Trump administration sues California over net neutrality law


California officially passed the toughest net neutrality law in the country Sunday. Then, within hours, the Trump administration sued the state over the legislation.

The U.S. Department of Justice filed a lawsuit Sunday against the California Internet Consumer Protection and Net Neutrality Act of 2018, or SB 822, which California Gov. Jerry Brown signed into law earlier in the day.

SB 822, which international non-profit digital rights group the Electronic Frontier Foundation described as a “gold standard” of net neutrality legislation, re-establishes the net neutrality protections that the Federal Communications Commission repealed in December 2017, including prohibiting internet service providers from paid prioritization, blocking content and throttling data. The legislation went even further than the previous federal guidance, however, banning such other ISP practices as “zero-rating” schemes, in which providers prioritize their own apps and services by excluding them from data limits.

“Net neutrality, at its core, is the basic notion that we each get to decide where we go on the internet, as opposed to having that decision made for us by internet service providers,” California State Sen. Scott Wiener, who co-authored the legislation, said in a statement after Brown signed the bill into law. “It’s also about ensuring a level playing field for ideas and for businesses trying to compete. Today marks a true win for the internet and for an open society.”

The Trump administration asserted in its lawsuit that SB 822 is unlawful, as it is preempted by federal law — and “violates the Supremacy Clause of the United States Constitution.” Federal communication law, the administration contends, preserves federal authority over interstate communications, such as internet communications governed by net neutrality. The FCC order repealing the net neutrality guidelines stipulated that the order preempts any state or local measure that would impose rules or requirements that it’s repealed, or decided to refrain from imposing.

“In short, SB 822 conflicts with and otherwise impedes the accomplishment and execution of the full purposes and objectives of federal law,” the lawsuit argues.

In a statement, U.S. Attorney General Jeff Sessions vowed to fight against the California law “with vigor.”

“Under the Constitution, states do not regulate interstate commerce — the federal government does,” Session said. “Once again the California legislature has enacted an extreme and illegal state law attempting to frustrate federal policy. The Justice Department should not have to spend valuable time and resources to file this suit today, but we have a duty to defend the prerogatives of the federal government and protect our Constitutional order.”

The California law is the latest action by states to preserve net neutrality principles, as at least six governors issued executive orders upholding net neutrality and legislation has been enacted in Oregon, Washington and Vermont. Federal legislation to overrule the FCC on net neutrality has passed the U.S. Senate, but stalled in the House of Representatives, despite efforts to force the issue to the House floor through a discharge petition. The petition has so far received 177 signatures and needs 215 total signatures to succeed.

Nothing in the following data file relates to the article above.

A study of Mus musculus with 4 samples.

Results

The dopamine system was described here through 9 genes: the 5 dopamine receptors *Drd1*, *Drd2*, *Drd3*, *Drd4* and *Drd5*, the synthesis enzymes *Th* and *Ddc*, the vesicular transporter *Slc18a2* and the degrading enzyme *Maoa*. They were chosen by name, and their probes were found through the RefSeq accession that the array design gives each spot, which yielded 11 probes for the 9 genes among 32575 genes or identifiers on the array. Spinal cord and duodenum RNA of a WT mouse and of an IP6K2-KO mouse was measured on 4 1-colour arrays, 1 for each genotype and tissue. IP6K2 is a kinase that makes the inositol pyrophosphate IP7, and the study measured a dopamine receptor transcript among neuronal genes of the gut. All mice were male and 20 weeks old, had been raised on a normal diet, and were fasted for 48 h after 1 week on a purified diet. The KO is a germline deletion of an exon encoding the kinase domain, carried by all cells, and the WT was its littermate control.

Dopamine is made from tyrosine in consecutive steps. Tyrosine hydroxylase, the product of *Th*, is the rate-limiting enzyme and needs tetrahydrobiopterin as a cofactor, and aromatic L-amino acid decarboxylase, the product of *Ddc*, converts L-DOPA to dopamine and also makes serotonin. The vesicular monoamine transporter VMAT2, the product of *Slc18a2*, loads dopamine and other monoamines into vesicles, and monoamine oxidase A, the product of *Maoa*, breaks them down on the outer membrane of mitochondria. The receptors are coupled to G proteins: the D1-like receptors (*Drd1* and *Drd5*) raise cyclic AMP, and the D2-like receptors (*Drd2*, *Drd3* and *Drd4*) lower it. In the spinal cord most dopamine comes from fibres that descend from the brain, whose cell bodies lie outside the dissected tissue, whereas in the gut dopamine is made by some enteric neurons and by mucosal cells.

In addition to going further than other state legislation in its scope, the California legislation is particularly distinctive because of the state’s large size and tech economy; the New York Times noted that the regulations could encourage ISPs to extend the same rules to other states.

The struggle between California and the Trump administration is familiar. The state has previously pushed back on other administration policies, ranging from immigration to the environment. California already largely succeeded against a Trump administration lawsuit arguing the state’s sanctuary laws protecting undocumented immigrants violated the Supremacy Clause — but it’s unclear how this new legal challenge will play out.

In an interview with Mic in June, Ernesto Falcon, legislative counsel at the EFF, noted that state regulation of ISPs was “uncharted water” and said it was a “close call” to predict how any then-potential lawsuits could play out. While Falcon noted that “the FCC itself does not have the authority to preempt states” through its order repealing net neutrality, the “dormant commerce clause” allows the federal government to preempt state law in interstate matters, and state regulations cannot “unduly burden” interstate commerce efforts.

“States can intrude in the interstate commercial space, so long as their interests are sufficiently high enough to do so, and the burden is sufficiently low enough that Congress would find it permissible,” Falcon said.

Telecommunications companies may also file their own lawsuits against California, as the law could result in increased costs for companies and a “patchwork” of various regulations across the country.

California officials remain optimistic about their ability to defend the law. Wiener said in a statement he has “complete confidence” in California Attorney General Xavier Becerra, who has already vowed to fight the Trump administration’s legal challenge.

“While the Trump Administration continues to ignore the millions of Americans who voiced strong support for net neutrality rules, California — home to countless start-ups, tech giants and nearly 40 million consumers — will not allow a handful of power brokers to dictate sources for information or the speed at which websites load,” Becerra said in a statement quoted by Politico.

“We remain deeply committed to protecting freedom of expression, innovation and fairness,” he added.